There is a need to recognise that finance minister Nirmala Sitharaman has presented a growth-oriented reformist budget in what is still a very uncertain global economic environment. And she must be lauded for maintaining the fiscal deficit at 6.9% of gross domestic product in 2021-22, with a 6.4% target for 2022-23. The budget rightly focuses on inclusive development, continued infrastructure push under the transformative PM Gati Shakti plan, climate change and energy transition, and digital as well as start-ups focus as the four important pillars of growth.

The government’s desire for inclusive development comes out clearly through a multitude of initiatives, be it the “Har ghar nal se jal" programme, the “housing for all" plan, the “vibrant villages" initiative or the move to turn the 1.5 lakh post office branches into “bank" branches.

The other critical focus area is infrastructure, and the transformative PM Gati Shakti plan clearly highlights the opportunity as well as the need. The move to step-up capital expenditure sharply by around 35% to 7.5 trillion is a clear signal of intent and will attract more private investment, boosting the capital expenditure cycle, thus spurring growth and catalysing the creation of urgently-needed infrastructure and jobs.

A big change that will impact lives, lifestyles, industry and policymaking is climate change and the commitment towards `net zero’ goal. Prime Minister Narendra Modi announced in November in Glasgow that India will achieve the goal by 2070, which shows the political resolve to walk the talk on climate change.

The most visible transformation is seen in the changes that are sweeping the automotive industry, with the speed at which countries and consumers are adopting electric vehicles (EVs). In fact, BCG’s forecasts predict that by 2026 EVs will account for more than half of the light vehicles sold globally—four years sooner than anticipated earlier. The policy on battery-swapping that will be brought out with interoperability standards will boost the EV ecosystem in India.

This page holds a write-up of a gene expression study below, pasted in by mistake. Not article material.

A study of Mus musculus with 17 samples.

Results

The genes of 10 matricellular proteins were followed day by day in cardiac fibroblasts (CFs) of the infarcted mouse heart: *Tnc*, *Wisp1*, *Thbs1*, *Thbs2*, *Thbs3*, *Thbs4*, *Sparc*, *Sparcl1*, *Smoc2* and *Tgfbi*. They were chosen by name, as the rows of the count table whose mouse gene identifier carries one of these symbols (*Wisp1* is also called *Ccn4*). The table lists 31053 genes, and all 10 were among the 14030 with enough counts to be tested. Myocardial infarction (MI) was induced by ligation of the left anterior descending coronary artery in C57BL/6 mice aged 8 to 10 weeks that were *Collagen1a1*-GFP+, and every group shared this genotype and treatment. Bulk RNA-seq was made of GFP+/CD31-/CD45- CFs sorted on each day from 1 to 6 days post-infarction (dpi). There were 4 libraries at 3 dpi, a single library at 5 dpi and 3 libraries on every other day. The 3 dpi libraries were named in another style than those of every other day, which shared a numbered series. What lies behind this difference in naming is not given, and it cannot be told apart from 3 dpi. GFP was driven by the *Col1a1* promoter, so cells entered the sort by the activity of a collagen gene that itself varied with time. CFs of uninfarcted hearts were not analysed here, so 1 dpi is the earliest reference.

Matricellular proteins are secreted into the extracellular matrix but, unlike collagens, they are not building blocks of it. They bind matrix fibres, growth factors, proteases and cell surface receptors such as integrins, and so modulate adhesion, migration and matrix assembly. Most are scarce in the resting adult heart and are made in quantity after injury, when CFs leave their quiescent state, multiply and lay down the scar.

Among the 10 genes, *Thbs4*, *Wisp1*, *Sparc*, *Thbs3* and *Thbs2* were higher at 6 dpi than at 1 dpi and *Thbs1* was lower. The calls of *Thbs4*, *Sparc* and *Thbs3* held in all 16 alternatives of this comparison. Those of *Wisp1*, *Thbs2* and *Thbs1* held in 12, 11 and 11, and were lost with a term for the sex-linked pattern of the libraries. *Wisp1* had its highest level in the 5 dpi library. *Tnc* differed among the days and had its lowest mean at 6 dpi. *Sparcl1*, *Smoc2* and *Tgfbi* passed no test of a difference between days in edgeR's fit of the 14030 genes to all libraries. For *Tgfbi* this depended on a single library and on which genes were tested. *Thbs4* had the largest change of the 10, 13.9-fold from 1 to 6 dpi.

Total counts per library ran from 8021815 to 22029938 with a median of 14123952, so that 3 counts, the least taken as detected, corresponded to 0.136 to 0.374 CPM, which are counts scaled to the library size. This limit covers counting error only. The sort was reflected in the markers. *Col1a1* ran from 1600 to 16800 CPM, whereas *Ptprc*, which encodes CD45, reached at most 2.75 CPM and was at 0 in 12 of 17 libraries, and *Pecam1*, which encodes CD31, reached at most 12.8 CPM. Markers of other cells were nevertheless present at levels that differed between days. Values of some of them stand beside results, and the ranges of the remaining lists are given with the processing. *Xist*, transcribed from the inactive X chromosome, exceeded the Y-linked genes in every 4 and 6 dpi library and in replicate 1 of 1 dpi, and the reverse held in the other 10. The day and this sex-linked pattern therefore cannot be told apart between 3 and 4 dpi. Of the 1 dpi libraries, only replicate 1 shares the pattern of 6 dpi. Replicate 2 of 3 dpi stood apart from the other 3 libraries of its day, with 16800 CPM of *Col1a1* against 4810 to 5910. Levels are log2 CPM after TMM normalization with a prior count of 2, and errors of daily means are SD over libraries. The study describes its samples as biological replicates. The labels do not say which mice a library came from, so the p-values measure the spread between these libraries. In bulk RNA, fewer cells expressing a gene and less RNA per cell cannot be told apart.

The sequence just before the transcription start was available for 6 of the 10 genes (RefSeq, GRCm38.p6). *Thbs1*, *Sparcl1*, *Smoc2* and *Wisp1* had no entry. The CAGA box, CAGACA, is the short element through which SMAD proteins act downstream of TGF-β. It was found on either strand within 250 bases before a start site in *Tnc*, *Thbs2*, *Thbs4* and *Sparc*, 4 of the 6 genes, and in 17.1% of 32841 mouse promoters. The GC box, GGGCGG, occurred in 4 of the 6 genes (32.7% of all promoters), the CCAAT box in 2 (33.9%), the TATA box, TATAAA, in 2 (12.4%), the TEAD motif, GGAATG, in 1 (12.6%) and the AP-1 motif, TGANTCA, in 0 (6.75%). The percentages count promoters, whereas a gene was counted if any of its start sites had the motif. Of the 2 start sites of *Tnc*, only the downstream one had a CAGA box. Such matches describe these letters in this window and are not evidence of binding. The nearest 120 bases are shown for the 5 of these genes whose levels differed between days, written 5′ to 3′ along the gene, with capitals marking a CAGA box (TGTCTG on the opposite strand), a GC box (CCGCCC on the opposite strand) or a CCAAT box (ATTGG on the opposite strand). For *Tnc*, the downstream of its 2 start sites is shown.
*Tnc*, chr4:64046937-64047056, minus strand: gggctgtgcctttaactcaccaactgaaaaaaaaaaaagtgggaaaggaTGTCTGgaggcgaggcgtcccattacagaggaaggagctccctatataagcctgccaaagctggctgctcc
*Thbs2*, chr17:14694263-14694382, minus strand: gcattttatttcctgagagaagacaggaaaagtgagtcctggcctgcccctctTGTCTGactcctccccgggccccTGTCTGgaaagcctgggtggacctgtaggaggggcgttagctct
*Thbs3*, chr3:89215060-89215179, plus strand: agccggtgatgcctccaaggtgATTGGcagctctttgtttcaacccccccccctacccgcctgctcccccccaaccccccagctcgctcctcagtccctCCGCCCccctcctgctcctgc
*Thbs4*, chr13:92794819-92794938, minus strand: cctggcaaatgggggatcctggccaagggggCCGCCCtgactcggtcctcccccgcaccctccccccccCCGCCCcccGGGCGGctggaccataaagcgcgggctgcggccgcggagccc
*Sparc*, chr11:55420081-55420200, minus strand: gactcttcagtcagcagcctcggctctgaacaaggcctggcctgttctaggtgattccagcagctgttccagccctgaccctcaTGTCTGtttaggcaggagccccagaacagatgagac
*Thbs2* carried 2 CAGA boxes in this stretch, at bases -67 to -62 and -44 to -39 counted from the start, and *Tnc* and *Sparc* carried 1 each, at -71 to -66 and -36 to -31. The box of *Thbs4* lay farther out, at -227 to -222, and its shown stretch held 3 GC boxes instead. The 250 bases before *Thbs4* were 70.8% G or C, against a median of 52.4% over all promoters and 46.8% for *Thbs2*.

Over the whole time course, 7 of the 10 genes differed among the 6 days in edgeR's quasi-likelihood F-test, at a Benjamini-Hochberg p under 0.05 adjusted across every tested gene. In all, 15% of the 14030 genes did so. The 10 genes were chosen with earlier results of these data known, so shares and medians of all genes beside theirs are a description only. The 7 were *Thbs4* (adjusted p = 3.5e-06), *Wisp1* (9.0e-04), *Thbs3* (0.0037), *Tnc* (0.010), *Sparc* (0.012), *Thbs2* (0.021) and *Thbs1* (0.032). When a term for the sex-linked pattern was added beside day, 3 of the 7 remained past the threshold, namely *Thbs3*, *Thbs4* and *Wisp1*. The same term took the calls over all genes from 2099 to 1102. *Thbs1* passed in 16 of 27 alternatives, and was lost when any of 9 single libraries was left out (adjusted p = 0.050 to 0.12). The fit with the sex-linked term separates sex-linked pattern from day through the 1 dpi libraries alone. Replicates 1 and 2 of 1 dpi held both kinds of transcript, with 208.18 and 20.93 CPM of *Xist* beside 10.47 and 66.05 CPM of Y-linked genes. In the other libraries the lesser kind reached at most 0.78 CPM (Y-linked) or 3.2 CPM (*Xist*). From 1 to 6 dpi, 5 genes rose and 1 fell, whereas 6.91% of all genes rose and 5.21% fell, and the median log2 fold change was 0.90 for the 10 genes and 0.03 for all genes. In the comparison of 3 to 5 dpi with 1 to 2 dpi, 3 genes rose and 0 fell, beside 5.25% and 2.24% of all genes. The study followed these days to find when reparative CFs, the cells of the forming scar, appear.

India’s leading role in institutionalising the International Solar Alliance (ISA), raising the domestic renewable energy target to 500GW by 2030 and the move to allocate 19,500 crore in production-linked incentives for solar modules to facilitate domestic manufacturing to achieve the ambitious goal of 280GW of installed solar capacity by 2030 is noteworthy. The government’s focus on encouraging research and development expenditure in sunrise areas such as drone technology in agriculture, artificial intelligence, genomics, clean technology and green energy will have a cascading multiplier effect on economic growth in the longer term.

Start-ups will continue to remain one of the most talked-about features of the India story. The spirit of entrepreneurship and innovation, driven by a sharp problem-solving focus, will turn the country into the world’s unicorn capital. It will be a coveted status to possess.

The budget has done its job by providing a conducive policy, and a tax as well as regulatory architecture that allows start-ups to flourish. The move to extend the existing tax benefits for start-ups by one more year, for example, is welcome, as are the blended financing options provided for Agri-tech companies. There is no gainsaying the possibility of such companies dominating India’s unicorn landscape in the next five years, much like Ed-tech and Fin-tech did in the last five.

The finance minister has ticked most of the boxes in her budget. The clear message coming out of it is that the government recognises start-ups as one of India’s primary growth and job-generation engines.

It strikes the right notes at the right time and demonstrates the government’s priority of driving economic growth with a continued reformist mindset and a focus on inclusive development, infrastructure push, embracing digital transformation, encouraging start-ups and an agenda on climate change as well as energy transition. The question is: Is India ready to make the leap into the double-digit growth bracket and when will we surprise the Pundits and make that happen? I believe it is very achievable, in fact, it is our calling—we have to make it happen.

Alpesh Shah is managing partner, BCG India.